Materials you should look out for at a construction site


Besides natural materials, many synthetic building materials also threaten human health and are still being used in construction. Fortunately, with the advancements in technology, it is now easy to know which materials are harmful and which are not, so you can make an informed decision about whether to use them.

Following are some materials that you need to be cautious about at a construction site:

Asbestos

Asbestos is found naturally in almost all continents and has been used as a building material for centuries. Because of its fire-resistant and insulation properties, asbestos became essential to industries like construction and automobile. However, in the mid-20th century, researchers found that asbestos was responsible for some deadly human diseases. People were exposed to asbestos through their jobs or by just staying at home. They were breathing in its fibers, which was causing scarring of the lungs. Later, scientists discovered that mesothelioma, a form of cancer, was also linked to asbestos exposure.

In light of this, several Australian construction businesses stopped using the material in the 1980s while its sale, import and use were officially banned in 2003. Before this, asbestos was used in over 3000 products, including vehicles and construction materials. Many buildings built or renovated before the ban still contain asbestos.

Your house probably contains asbestos if it was renovated or constructed before 2003. To keep yourself and your family safe, you’ll have to get it removed. Many businesses offer asbestos removal services for homes and commercial buildings. You will need an asbestos inspection which will help the company give you a procedure outline for its safe removal. This way, you can ensure the safety of your loved ones.

Lead

Until the mid-20th century, lead was used heavily in the construction industry. Not only is it malleable and durable, but it also has corrosion-resistant properties. Some uses of lead included roof flashing, plumbing, painting and electrical conduits. As a result, in the first half of the 20th century, lead became a leading cause of death for many laborers who used it without taking protective measures.

Later, scientists discovered that inhaling lead could cause physical and neurological impediments. Because of these fatal effects, lead was eventually banned from being used in construction materials to protect the lives of many. Although it is still used in paints, the National Health and Medical Research Council of Australia has limited its usage in paint to 0.5% for domestic use.

Formaldehyde

Formaldehyde is a by-product of the combustion of many organic materials and is widely used to manufacture construction materials like plywood, particleboard and pressed wood products. The reason for its frequent use lies in its durability. It gives a stronger and more durable finished product than the usage of wood alone.

Contact with formaldehyde irritates the eyes, nose and throat. It also causes primary dermatitis, olfactory fatigue, and neurological dysfunction. There is no ban on the use of formaldehyde in the country, but it is regulated for safety.

Volatile Organic Compounds (VOCs)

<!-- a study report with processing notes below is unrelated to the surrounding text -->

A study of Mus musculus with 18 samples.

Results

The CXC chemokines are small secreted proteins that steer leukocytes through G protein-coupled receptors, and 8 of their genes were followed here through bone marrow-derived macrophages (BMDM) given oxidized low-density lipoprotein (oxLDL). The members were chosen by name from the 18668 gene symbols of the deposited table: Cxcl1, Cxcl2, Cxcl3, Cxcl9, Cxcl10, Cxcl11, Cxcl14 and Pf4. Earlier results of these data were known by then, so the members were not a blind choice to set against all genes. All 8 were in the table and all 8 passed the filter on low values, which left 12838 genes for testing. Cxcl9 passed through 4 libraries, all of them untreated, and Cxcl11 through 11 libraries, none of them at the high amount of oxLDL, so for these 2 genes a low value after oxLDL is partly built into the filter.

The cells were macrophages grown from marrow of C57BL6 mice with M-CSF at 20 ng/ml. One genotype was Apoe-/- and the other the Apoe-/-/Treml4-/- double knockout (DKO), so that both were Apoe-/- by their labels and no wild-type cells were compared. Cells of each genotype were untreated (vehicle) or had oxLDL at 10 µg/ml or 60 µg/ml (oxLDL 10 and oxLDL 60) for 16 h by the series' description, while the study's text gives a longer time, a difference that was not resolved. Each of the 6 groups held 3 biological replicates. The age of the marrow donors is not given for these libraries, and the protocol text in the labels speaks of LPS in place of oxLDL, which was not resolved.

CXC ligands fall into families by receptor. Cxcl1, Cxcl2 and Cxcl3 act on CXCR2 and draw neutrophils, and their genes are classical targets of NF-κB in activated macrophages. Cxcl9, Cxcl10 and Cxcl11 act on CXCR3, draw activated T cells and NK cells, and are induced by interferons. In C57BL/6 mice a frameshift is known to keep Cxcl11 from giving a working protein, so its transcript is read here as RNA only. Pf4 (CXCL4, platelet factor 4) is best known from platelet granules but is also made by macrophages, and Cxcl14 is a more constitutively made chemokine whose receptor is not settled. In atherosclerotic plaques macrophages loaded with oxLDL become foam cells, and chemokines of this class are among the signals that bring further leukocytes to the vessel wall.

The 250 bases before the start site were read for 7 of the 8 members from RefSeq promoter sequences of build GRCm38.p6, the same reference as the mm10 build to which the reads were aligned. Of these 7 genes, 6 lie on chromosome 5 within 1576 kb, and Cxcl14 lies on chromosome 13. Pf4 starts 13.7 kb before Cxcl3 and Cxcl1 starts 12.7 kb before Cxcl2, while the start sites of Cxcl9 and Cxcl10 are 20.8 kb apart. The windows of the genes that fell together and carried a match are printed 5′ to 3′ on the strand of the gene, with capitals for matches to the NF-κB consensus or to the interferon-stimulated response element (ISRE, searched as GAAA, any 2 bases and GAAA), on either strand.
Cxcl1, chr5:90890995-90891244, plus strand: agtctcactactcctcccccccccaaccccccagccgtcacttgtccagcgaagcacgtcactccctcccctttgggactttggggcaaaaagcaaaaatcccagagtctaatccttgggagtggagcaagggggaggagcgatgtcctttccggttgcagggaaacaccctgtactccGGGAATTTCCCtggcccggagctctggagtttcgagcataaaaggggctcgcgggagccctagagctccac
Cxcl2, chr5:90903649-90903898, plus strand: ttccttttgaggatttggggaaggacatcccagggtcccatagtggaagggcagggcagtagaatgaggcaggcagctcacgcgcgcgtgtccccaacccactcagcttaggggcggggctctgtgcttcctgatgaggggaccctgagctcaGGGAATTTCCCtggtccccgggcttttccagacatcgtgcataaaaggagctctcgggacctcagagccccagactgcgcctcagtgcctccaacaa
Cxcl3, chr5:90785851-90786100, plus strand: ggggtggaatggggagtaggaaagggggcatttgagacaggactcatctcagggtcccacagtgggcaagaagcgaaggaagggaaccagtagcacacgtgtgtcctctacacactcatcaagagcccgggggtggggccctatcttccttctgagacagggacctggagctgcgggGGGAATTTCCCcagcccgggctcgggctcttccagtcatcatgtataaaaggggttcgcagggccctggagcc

Volatile organic compounds are the synthetic compounds used in the products needed to build and maintain homes, like paints and composite wood products. The group of VOCs contains various chemicals, some of which cause short or long-term unfavorable health effects in humans.

These chemicals can easily vaporize at average room temperature, releasing organic compounds that make indoor air quality harmful for inhalation. Some of the many negative effects of VOCs include liver, kidney and neurological system damage, dyspnea, and cancer. To avoid this, the Australian government recommends a limited amount of usage of these materials to protect people’s health and homes.

Fiberglass Insulation

Fiberglass is a product consisting of extremely fine glass fibers used for insulation in homes and buildings. It was initially introduced as a replacement for asbestos as it possesses the properties of a natural insulator. However, the primary reason for its use was that it could be easily molded into different shapes and thus was very convenient to use in the insulation of buildings.

People working with fiberglass insulation sheets can inhale glass fibers which can cause breathing problems for them and the inhabitants of the building. It can also irritate the skin, eyes, throat, and nose. Therefore, careful handling of this material is recommended, especially while installing or removing it.

Chromated Copper Arsenate

Chromated copper arsenate (CCA) is a chemical preservative that protects wood from pests and fungi. It is a chemical compound containing different proportions of chromium, copper and arsenic. It is commonly used in industrial and commercial settings.

The hazardous impact of chromated copper arsenate is mainly related to its arsenic compound. Arsenic has leaching properties that can affect the environment and human health. Research has also found a connection between arsenic and many different forms of cancer, including skin, bladder, and lung cancer.

Today, CCA can be used only for industries and agricultural purposes, and its use in residential areas is prohibited.

Conclusion

Although some of these construction materials are banned in Australia, many contractors might still use them due to ignorance. Therefore, awareness regarding these materials is crucial to protect your and your loved ones’ lives. If you are a supervisor at a construction site, you can either find replacements for these materials or use precautions. By doing so, you can ensure the safety of everyone involved in the construction process and the inhabitants of the building.